Pacific | Better Parliamentary Committees: Better Government Performance | EPCIC 2013 | Sydney | 13-17 May 2013
In democratic systems of government, elected representatives are entrusted with important legislative, accountability and representational duties. Most parliaments have found appointing committees to be a powerful way of exercising these responsibilities. However, despite some notable successes, many committees in Pacific parliaments are yet to realise their full potential.
Strengthening the effectiveness parliamentary committee inquiries is an important strand of CDI’s work and over the last six years we have collaborated with the NSW Parliament to deliver a residential training program for parliamentary committee staff from Pacific parliaments.
The 2013 edition of CDI’s Effective Parliamentary Committee Inquiries Course (EPCIC) was run from 13 to 17 May at NSW Parliament House in Sydney.
During the five-day course 20 participants from six Pacific parliaments explored the knowledge and skills required to:
- design a parliamentary committee inquiry;
- provide administrative, research and analytical support to a committee inquiry;
- prepare and present a committee report
They did so through a mixture of expert presentations, case studies, discussions, group exercises and a committee hearing role play – all of which are designed to allow participants to set new material in the context of their existing experience.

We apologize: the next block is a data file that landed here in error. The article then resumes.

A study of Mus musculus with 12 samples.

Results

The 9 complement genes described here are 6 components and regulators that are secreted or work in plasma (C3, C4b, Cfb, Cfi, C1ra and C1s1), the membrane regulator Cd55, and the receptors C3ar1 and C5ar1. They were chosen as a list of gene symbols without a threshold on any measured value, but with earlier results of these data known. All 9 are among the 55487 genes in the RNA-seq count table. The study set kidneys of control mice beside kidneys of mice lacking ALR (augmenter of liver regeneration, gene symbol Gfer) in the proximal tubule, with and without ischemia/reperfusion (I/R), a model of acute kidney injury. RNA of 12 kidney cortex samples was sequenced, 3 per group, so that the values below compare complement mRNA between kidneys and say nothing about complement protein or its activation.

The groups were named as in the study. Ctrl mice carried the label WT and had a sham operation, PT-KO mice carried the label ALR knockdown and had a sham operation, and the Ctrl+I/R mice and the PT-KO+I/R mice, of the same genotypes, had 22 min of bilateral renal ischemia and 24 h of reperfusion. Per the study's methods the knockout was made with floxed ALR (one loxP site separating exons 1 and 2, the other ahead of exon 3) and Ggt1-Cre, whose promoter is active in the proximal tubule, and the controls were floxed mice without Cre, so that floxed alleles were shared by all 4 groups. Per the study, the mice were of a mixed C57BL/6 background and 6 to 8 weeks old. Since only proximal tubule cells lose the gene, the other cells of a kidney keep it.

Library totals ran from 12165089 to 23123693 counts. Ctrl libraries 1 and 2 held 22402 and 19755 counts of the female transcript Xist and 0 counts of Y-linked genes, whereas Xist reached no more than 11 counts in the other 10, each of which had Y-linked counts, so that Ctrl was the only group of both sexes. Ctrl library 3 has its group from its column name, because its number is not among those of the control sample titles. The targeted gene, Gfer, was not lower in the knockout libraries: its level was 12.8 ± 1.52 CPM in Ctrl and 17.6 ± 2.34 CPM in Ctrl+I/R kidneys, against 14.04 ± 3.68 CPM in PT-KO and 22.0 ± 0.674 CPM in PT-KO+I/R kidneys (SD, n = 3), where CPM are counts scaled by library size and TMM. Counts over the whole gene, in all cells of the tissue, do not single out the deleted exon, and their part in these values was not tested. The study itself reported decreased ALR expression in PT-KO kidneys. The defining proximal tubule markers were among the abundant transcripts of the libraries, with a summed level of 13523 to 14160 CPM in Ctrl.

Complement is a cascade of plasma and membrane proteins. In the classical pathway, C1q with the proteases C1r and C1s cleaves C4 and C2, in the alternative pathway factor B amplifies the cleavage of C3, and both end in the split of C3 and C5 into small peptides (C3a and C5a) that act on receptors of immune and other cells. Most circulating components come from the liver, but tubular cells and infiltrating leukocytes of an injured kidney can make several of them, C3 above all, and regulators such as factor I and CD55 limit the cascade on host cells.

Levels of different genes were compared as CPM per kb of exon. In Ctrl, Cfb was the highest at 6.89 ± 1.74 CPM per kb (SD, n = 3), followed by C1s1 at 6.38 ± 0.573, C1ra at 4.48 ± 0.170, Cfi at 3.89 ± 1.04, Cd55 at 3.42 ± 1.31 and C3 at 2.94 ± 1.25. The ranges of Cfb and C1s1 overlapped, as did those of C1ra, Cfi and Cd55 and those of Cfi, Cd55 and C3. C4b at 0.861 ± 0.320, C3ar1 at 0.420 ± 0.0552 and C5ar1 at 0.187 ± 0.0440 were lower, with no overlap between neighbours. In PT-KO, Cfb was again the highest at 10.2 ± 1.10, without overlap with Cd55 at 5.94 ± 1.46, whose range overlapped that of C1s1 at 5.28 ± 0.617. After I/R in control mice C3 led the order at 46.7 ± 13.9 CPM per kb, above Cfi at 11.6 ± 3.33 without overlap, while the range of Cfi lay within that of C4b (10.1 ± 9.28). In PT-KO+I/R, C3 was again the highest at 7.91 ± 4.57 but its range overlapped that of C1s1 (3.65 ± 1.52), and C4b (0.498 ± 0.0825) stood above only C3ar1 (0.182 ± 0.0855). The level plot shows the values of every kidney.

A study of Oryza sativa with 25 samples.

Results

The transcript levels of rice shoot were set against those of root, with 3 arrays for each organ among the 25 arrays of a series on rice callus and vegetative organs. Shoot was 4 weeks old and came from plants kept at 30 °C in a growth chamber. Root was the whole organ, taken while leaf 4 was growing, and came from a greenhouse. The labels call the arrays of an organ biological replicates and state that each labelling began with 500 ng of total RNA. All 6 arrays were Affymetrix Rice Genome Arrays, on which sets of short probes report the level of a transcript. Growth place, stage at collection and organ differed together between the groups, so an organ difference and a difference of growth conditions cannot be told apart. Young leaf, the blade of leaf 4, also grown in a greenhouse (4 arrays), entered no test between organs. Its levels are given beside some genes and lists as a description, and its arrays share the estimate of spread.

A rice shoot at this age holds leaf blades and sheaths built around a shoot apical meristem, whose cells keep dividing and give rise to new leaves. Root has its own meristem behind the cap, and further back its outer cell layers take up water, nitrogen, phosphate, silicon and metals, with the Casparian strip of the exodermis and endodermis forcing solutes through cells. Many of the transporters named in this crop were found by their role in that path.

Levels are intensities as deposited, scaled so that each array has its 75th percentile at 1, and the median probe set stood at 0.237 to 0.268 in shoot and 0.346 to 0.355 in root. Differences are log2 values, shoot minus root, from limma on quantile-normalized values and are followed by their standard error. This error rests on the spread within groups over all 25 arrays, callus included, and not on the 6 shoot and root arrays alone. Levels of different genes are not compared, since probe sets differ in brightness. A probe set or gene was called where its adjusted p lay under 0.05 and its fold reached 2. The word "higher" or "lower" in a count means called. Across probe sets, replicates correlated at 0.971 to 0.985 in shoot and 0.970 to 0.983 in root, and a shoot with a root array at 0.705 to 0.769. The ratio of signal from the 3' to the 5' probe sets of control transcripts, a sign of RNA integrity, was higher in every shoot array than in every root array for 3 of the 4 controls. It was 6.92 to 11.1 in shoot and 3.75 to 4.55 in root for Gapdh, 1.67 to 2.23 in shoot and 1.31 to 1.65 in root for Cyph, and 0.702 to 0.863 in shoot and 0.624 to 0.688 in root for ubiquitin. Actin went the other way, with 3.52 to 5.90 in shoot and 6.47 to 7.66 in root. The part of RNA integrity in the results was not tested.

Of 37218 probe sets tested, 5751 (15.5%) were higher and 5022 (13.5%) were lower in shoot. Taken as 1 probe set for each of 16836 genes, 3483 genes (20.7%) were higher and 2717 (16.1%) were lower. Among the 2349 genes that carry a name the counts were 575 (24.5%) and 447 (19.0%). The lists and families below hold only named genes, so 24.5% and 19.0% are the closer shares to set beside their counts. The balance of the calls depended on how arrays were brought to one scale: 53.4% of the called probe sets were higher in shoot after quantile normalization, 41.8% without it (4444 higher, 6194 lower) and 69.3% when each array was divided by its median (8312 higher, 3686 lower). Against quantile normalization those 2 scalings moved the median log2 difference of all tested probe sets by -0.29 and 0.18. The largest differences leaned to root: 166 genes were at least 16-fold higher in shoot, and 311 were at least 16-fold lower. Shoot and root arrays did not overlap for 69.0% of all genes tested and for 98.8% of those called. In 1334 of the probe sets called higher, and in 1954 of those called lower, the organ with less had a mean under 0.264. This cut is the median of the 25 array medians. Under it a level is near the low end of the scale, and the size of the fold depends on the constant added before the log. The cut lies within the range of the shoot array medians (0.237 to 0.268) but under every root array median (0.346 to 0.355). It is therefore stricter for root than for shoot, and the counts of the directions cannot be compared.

The following parliaments were represented at the course:
- National Parliament of Papua New Guinea
- House of Representatives for the Autonomous Region of Bougainville, in Papua New Guinea
- Parliament of Solomon Islands
- Parliament of Vanuatu
- Parliament of Tonga
- Parliament of Niue
Trevor Rowe (a CDI Associate with extensive parliamentary and training experience) convened the course in collaboration with Beverly Duffy (Clerk Assistant Committees, NSW Legislative Council) and Rachael Simpson (Director Committees, NSW Legislative Assembly).
Feedback from participants was strongly positive. 89% of participants reported that the course was excellent and that they now knew much more about:
- why parliaments appoint committees;
- how to start a committee inquiry;
- how to prepare briefing papers;
- how to gather evidence at public hearings; and
- how to draft and table committee reports.
Participants particularly appreciated the focus in the course on the role play public hearing (with 100% of participants reporting that it was ‘really useful’) and on group exercises (with 95% indicating that they too were ‘really useful’).